Marking an early donation by Cabot to Hunters Sharing the Harvest are (top, from left) Cabot external affairs manager Bill desRosiers, Sen. Lisa Baker, HSH executive director John Plowman, and HSH board member Daria Fish. Dinah Dimeolo of Tunkhannock (above) donated her first buck to Hunters Sharing the Harvest.
Courtesy Endless Mountains Media Services
The number of hunters in Pennsylvania donating their venison to help feed families in need pushed Hunters Sharing the Harvest (HSH) into record territory for the 2019-20 campaign. Much of the more than 155,000 pounds of ground deer meat they collected is delivered to food banks in the Endless Mountains like the Helping Hands Food Pantry in Wyalusing.
“We have beaten all records since 1991,” said John Plowman, executive director of HSH since its inception that year. HSH is administered by the Neighborhood Assistance Program (NAP) and the Weinberg Food Bank, the latter of which coordinates distribution to outlets in Wyoming and Susquehanna counties.
Their goal is to channel about 100,000 pounds of meat per year through approved deer processors, food banks and other charitable organizations to offset the food security issues faced by more than 1.5-million Pennsylvanians. HSH estimates that an average size deer can provide 200 meals-worth of high protein, low fat, ground meat.
The venison reaches both rural and urban consumers who, Plowman related, “can’t get enough of it.”
He credited supporters like Ann Burgess of the Wyalusing Area Rotary Club for working closely with Helping Hands Food Pantry manager Peg Huyck to get the venison to rural consumers. The Rotary Club also conducts a venison dinner each January to bolster awareness of the program.
When the Burgesses first heard of Hunters Sharing the Harvest, Ann recalls, “We thought it was a good way to get some meat for the people who come to the pantry, as meat is often in short supply.”
“It’s often the only red meat they get,” Plowman said of the food pantries.
Cabot Oil & Gas Corporation donated $5,000 to HSH last year, which helped cover the costs of processing the deer and short-term storage. After a chance encounter with George Stark, Cabot’s director of external affairs, Plowman said, “They extended awareness of the need to employees who have become individual donors. Cabot has a strong consciousness for helping people.”
“Hunters Sharing the Harvest had a tremendous year, and Cabot is proud to support the organization,” Stark stated. “It’s been wonderful to see them create opportunities that allow hunters to help fight food insecurity.”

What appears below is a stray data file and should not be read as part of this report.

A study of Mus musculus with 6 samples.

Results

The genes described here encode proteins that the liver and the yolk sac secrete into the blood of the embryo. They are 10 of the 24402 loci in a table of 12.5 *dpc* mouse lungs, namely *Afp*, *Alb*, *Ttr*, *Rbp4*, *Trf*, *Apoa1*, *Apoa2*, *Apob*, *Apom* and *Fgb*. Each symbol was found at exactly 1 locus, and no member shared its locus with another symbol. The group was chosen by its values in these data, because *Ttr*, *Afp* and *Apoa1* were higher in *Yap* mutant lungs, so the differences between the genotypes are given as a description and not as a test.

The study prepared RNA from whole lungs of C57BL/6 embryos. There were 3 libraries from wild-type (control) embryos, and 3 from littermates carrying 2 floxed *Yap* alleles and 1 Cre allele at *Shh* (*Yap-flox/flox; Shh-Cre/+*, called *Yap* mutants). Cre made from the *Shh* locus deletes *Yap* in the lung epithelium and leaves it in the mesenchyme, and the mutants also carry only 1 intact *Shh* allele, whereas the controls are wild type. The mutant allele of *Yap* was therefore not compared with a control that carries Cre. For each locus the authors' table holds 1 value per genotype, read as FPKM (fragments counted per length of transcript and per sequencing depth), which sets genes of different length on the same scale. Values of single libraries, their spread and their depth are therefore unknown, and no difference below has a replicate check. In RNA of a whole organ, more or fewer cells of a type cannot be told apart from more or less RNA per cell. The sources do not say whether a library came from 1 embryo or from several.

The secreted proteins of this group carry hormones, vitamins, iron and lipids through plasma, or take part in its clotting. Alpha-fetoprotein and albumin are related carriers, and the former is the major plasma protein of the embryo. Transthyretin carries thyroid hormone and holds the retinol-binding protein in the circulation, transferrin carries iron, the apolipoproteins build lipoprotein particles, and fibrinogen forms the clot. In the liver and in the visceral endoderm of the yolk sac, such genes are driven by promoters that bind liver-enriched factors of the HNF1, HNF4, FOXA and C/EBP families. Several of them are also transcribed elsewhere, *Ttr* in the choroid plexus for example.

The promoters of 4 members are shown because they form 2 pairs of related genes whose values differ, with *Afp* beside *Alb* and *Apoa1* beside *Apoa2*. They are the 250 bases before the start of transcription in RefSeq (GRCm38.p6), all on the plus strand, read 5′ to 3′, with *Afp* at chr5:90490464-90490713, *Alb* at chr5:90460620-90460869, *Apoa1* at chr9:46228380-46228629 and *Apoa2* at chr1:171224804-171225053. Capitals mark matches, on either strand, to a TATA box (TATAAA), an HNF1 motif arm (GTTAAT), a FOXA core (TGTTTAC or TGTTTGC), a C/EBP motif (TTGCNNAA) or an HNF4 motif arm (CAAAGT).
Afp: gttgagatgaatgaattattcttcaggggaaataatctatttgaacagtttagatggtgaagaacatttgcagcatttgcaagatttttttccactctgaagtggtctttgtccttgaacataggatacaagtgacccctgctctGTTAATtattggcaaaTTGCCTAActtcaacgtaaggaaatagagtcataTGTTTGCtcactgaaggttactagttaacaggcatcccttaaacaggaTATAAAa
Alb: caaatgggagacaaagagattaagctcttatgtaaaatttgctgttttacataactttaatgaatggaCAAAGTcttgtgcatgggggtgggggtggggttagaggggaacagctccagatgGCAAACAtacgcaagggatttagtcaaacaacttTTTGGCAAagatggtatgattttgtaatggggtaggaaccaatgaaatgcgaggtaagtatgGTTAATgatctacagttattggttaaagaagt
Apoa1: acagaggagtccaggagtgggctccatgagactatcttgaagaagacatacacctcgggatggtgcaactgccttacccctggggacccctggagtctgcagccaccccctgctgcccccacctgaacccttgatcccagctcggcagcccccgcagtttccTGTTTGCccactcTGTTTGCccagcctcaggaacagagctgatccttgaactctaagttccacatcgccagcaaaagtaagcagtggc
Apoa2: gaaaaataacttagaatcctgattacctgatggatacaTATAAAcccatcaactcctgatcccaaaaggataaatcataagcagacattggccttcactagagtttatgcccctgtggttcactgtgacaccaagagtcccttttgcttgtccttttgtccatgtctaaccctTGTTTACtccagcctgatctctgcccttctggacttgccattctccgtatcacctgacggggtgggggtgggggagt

Cabot’s donations are funneled through the Weinberg Northeast Regional Food Bank. The same is true, Plowman said of other corporations, but newer partnerships with those in the gas industry, including Chief, SWN and Williams, have allowed HSH to wave the $15 fee passed on to hunters up to 2014, which has exponentially increased the donations.
“They’ve helped us grow this program to what it is,” said Plowman. HSH is fully contained within Pennsylvania, but it serves as a model for other states. Plowman has worked with agencies in Ohio and Delaware and as far away as Iowa and Florida to help them establish similar programs.
“The hunter has to have confidence that the deer that he worked hard to get is going to go where he wants it to go,” Plowman explained. When a hunter brings a field-dressed deer into the butcher shop, the accountability begins when he or she fills out a donation form, copies of which go to the hunter, the butcher and HSH.
The venison distributed via the Rotary and Helping Hands in Wyalusing is processed at Litzleman’s in Dushore and Bruce’s Meat Processing in Athens. Transportation is largely handled by the volunteers in the individual counties.
Ann and Donald Burgess stay busy during winter months picking up the venison as soon as it is ready for consumption. “They do a super job at that,” said Plowman. “If not for Ann and so many people around the state, we wouldn’t be able to move the meat so quickly.”
“When the call comes, we don’t hesitate to go. We’ve picked up a lot of meat,” Ann remarked, noting that all of the venison that she and her husband acquire goes to Helping Hands. In just a few years, they went from moving 20, then 600, then 1,000 pounds of meat. Last year, they transported a ton and still have 300 to 400 pounds of ground venison in storage.
Spreading awareness of HSH has become a big part of the Burgess’s lives, with Ann and Donald talking to hunters 12 months out of the year. “I try to make sure that when people donate venison that they say want it to go to the Wyalusing food pantry,” Ann explained.
“They do a super job. They’re taking care of a lot of struggling people in northeast PA,” Plowman said of HSH supporters, including Roger Kingsley of Columbia Crossroads, and Steve Szoke of Forksville. Food bank operators are expecting a long-term economic recovery from COVID-19 related slowdowns, which will likely increase the number of families in need into next year. With that in mind, Plowman added, “Our deer meat has never had more value to help people fighting hunger.”
Nonetheless, butchering costs go up every year, as does the cost for refrigeration, Plowman related. Cash donations have become as important as the venison itself. HSH maintains an impressive website – www.sharedeer.org – with all the information a hunter or potential donor needs to get started, as well as lists of corporate partners, additional area coordinators, and other contact information. According to the website, local volunteers are needed in both Susquehanna and Wyoming counties.
Ralph Larson of Chief Oil & Gas donated a buck to HSH in 2015.
Bill Sordoni of Sordoni Construction donated this 11-point buck taken in Wyoming County to Hunters Sharing the Harvest.